A Namibian man who tried to outsmart his ex-wife by hiding all his assets under his girlfriend’s name, got more than what he bargained for when the Supreme Court of Namibia (SCN) ordered him to share his business and property with his girlfriend after breaking up.
Sarel Jacobus Burger Oberholzer was in the middle of a divorce from his ex-wife when he met Anna Marria Loots.
The two lived together as husband and wife from 2011 until the end of 2016. They held two engagement parties but never got married.
At one point, Oberholzer fell into arrears with respect to child maintenance.
The court documents didn’t mention how many children he had in his failed marriage.
Even after the divorce, he was under the impression that his ex-wife, to whom he was married in community of property, would be entitled to lay claim to his property for the unpaid maintenance.
In an effort to flee from his obligations, Oberholzer entered into an oral agreement with Loots in that whenever he wished to acquire property, it would be done in her name, and should their relationship flounder, she would transfer the property back to him.
He registered a property in Henties Bay and the Pub & Grill business under Loots.
Loots became involved in the business by assisting with the finances and administration of its operations.
As her responsibilities piled up, she left her job to work on the business full-time.
Loots described herself as being in charge of the day-to-day administration, the payroll, the payments, the head of human resources, and the person who did all the negotiations on behalf of Oberholzer, as she was more proficient with English as opposed to Oberholzer.
The couple also operated other businesses where Loots was involved in running the operations.
In January 2017, their relationship came to an end when Oberholzer left the common home.
Oberholzer instituted legal action against Loots to compel her to transfer the property as well as the total membership of the Pub & Grill.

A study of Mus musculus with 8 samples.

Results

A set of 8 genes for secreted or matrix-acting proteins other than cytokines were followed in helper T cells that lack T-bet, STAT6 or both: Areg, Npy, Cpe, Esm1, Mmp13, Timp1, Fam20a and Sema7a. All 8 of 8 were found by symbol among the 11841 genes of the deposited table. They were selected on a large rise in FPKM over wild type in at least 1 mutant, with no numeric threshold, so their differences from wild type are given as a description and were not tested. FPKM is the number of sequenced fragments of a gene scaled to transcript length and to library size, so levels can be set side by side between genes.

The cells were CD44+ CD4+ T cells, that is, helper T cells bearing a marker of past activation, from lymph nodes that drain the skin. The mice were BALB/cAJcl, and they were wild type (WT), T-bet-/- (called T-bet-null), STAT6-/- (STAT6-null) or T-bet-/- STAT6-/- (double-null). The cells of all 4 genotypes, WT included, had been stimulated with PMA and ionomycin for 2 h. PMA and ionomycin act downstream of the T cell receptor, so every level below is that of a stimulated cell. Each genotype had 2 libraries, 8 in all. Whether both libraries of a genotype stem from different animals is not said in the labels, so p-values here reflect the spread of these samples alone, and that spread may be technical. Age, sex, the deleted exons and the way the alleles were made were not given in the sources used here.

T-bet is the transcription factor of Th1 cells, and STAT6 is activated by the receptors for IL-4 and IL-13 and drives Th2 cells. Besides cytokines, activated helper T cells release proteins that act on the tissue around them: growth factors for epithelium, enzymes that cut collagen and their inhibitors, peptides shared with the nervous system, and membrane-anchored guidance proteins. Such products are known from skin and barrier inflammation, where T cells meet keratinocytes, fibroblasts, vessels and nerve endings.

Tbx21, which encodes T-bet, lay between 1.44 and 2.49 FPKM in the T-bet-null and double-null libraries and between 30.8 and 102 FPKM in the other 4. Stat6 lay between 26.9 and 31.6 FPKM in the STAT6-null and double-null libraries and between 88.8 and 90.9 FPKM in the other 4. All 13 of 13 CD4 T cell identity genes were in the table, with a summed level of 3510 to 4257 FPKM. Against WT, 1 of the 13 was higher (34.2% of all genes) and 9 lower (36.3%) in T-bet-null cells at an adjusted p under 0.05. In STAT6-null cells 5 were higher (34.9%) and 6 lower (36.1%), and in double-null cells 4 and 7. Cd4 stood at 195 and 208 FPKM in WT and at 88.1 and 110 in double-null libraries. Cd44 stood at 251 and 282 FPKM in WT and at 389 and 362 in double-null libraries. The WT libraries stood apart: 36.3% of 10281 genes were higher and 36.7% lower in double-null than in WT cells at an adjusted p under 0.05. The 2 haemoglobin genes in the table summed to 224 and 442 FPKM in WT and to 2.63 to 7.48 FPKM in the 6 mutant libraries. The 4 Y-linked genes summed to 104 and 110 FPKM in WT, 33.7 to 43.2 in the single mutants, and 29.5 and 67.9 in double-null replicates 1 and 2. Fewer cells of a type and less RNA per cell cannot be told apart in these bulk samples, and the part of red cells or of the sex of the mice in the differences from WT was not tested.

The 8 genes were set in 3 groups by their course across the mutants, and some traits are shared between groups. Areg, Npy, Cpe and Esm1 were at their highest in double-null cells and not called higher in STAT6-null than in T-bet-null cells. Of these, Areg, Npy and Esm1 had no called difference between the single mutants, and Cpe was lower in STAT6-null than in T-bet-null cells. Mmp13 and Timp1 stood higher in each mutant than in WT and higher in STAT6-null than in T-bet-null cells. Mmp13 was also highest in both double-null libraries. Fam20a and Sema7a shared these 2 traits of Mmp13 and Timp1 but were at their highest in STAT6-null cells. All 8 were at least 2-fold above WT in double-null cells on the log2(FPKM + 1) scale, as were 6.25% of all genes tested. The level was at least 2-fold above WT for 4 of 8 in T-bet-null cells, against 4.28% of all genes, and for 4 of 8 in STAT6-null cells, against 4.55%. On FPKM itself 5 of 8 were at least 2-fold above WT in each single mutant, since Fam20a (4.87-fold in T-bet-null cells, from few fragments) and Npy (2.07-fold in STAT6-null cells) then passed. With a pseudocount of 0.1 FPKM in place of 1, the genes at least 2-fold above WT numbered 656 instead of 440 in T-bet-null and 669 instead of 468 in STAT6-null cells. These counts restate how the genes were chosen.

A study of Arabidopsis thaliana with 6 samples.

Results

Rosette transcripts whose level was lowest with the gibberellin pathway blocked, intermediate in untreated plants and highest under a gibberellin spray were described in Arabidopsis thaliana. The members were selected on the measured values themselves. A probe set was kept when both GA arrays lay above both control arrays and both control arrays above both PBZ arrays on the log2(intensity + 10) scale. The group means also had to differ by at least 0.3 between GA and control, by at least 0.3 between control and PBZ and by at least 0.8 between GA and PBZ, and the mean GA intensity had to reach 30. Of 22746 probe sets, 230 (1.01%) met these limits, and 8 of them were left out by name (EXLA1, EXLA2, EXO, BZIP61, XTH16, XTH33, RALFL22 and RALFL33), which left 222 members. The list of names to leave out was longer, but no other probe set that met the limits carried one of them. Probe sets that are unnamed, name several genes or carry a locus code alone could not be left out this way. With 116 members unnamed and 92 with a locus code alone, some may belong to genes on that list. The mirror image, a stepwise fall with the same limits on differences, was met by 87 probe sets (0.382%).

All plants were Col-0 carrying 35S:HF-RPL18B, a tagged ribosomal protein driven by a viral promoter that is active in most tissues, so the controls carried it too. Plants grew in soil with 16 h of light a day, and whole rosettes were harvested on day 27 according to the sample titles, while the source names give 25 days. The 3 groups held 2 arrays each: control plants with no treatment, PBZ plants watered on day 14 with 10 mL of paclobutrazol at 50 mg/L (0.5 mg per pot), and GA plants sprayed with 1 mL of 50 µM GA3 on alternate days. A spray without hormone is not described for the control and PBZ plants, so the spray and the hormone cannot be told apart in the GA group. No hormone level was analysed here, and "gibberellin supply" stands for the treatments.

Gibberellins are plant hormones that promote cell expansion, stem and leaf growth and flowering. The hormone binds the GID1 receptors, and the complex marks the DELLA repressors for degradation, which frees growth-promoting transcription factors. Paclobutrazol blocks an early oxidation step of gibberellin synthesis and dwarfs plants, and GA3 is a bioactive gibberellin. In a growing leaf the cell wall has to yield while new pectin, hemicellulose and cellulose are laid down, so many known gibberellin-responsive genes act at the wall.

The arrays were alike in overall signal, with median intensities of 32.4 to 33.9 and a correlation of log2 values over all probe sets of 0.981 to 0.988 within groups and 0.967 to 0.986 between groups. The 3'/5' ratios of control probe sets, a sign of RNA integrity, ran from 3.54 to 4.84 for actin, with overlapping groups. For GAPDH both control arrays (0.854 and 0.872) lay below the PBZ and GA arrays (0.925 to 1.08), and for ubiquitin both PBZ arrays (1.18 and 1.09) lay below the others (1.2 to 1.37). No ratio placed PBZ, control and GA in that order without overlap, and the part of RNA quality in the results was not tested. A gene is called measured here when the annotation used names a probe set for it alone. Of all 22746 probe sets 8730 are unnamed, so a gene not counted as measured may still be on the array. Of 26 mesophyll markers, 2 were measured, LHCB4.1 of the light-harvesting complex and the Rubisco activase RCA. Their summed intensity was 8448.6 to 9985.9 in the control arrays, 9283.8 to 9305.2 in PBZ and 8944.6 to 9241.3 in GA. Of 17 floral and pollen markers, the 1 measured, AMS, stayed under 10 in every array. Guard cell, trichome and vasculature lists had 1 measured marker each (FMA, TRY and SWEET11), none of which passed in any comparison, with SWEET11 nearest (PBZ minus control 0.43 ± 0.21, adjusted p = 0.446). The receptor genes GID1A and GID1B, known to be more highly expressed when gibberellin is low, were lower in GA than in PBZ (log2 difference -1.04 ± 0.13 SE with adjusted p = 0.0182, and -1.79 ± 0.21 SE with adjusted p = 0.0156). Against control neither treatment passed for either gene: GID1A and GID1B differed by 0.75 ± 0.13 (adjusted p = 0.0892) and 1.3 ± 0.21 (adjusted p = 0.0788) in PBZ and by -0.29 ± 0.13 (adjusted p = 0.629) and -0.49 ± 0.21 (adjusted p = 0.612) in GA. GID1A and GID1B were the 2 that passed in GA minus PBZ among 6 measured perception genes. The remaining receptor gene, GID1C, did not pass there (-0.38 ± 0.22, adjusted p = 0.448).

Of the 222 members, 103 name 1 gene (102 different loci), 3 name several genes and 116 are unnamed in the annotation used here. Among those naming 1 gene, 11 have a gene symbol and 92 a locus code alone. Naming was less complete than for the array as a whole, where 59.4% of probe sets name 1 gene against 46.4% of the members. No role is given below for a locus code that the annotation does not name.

Loots, apart from denying the claim by Oberholzer, also instituted a counterclaim against him for damages of N$50,000 (R50,000) in respect of his breach of promise to marry her.
The high court dismissed Oberholzer’s application, saying his evidence was "vague and inconsistent" and contained contradictions, which made it "unreliable and untruthful."
Meanwhile, Loots was granted N$5,000 (R5,000) for the counterclaim, along with interest and costs.
Unhappy with the outcome, Oberholzer appealed the decision, and it was heard at the SCN.
After hearing the matter, the SCN established that, on a balance of probabilities Oberholzer was motivated by the desire to conceal the fact that he owned a business and property.
He did this to undermine any maintenance claim the ex-wife might have against him on behalf of their children.
“Out of malice, (he) decided that he would make it as difficult as possible for his ex-wife to get him to pay the maintenance of their children, despite the fact that he had more than sufficient funds and sources of funds to pay such maintenance,” read the court papers.
Meanwhile, it was said that it must be borne in mind that Loots resigned her previous work, which affected her pension and medical aid fund benefits, to assist Oberholzer in running the business for their benefit.
The court said Loots acted on the basis that she and Oberholzer would marry and thus was content to make contributions to the relationship, as she was under the impression that whatever assets either of them acquired, it would be for the benefit of both of them.
Loots was ordered to transfer 60% of the business and 60% of the property to Oberholzer.
The court ruled that if they cannot live with this situation, one can buy out the other, a third party can buy out one of them, or they can sell the property and divide the net proceeds.
In respect of Loots counterclaim, the court ordered Oberholzer to pay her N$5,000 (R5,000) plus interest at the rate of 20 percent per annum reckoned from April 1, 2022, to November 2023.